Twenty bokes clothed in black and red ,
while I lay, head and limbs aching, half asleep,
listening to the noise of his hammer, the rain
without, and thinking of home.
  21.  Wednesday.   Fred Greatbatch came.  Down
town, breakfast, called at Lantern Office &c.
Returned and did the two remaining blocks of
the Jones  subjects.  Joe calling twice, and again
in the evening, very kindly.     Read to me, stay-
ing an hour or twain, while I drew.   Design
for a poster apropos of Nagles remaining.
  22. Thursday.   Joe called at 12.  Down
town.  Better in health altogether.  Rain all
gone   glimpses of sunlight now and then.  To
Lockingtons, then to Mathews, then dined, 
thence to Nagle s, then to Mc Afee s for
Title:Thomas Butler Gunn Diaries, Volume Four: page ninety-four
Description:Mentions Joe Greatbatch visiting and reading to him.
Subject:Books and reading; Greatbatch, Fred (Bristol); Greatbatch, Joe; Gunn, Thomas Butler; Jones; Lockington; Mathews, Cornelius; McAfee; Nagle, James P. (Watt)
Coverage (City/State):[New York, New York]
Scan Date:2011-02-07


Title:Thomas Butler Gunn Diaries, Volume Four
Description:Includes descriptions of looking for drawing and writing work among New York publishers, boarding house living, visits to Mrs. Kidder and her daughter Lotty, the start of the ''Lantern'' publication and joining the ''Lantern Club,'' attending a ball on Governors Island, attending a lecture by E. H. Chapin, visits to Staten Island, and a visit to Niagara Falls.
Subject:Boardinghouses; Books and reading; Gunn, Thomas Butler; Military; Publishers and publishing; Theater; Travel; Women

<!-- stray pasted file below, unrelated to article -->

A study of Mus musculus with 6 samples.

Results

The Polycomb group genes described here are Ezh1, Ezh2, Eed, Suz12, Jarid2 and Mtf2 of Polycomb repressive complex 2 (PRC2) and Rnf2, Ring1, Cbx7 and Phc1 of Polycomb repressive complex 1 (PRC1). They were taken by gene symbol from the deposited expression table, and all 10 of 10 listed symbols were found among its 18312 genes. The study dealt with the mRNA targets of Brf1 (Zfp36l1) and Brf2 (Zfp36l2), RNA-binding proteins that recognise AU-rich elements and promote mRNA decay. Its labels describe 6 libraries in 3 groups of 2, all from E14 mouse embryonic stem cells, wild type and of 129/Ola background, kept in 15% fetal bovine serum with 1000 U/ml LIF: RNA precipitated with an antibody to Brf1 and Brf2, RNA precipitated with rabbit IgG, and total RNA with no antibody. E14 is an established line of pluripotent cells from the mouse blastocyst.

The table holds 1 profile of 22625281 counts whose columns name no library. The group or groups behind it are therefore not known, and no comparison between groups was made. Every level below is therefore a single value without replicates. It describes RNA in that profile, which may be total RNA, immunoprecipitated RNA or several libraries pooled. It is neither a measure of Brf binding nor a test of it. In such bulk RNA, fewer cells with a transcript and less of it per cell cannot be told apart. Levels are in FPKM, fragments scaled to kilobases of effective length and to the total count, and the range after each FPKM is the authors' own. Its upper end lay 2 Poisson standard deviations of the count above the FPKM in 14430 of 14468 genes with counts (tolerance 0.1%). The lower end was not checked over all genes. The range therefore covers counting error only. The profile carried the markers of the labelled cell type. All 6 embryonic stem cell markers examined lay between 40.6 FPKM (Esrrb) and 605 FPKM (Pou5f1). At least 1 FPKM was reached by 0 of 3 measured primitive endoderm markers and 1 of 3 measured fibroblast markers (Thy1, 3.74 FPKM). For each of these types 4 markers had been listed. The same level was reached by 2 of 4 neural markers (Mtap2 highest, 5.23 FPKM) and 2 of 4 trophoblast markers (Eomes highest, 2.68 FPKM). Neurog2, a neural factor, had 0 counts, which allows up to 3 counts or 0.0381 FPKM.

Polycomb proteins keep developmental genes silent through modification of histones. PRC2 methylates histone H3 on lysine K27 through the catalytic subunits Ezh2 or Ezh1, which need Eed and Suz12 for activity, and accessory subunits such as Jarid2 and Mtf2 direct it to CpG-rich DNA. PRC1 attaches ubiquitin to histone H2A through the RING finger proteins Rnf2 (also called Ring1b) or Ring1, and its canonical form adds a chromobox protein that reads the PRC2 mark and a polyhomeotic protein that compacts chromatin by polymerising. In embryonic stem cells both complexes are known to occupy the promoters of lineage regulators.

Coverage (City/State):New York, New York; Niagara, New York
Note:Thomas Butler Gunn was born February 15, 1826, in Banbury, England, and came to New York in 1849. During the Civil War he worked as a correspondent for the New York Tribune and the New York Evening Post. He returned to England in 1863, and died in Birmingham in April 1903. The collection includes twenty-one volumes of his diaries, including newspaper clippings, letters, photographs, sketches, and various other items inserted by Gunn. Diary entries date from July 7, 1849, to April 7, 1863, and include his experiences with the New York publishing and literary world, his descriptions of boarding houses, his travels throughout the United States, and his experiences traveling with the Federal army as a Civil War correspondent.
Publisher:Missouri History Museum
Rights:Copyright 2011 Missouri History Museum.
Source:Page images, transcriptions, and metadata of the Thomas Butler Gunn diaries have been provided by the Missouri History Museum.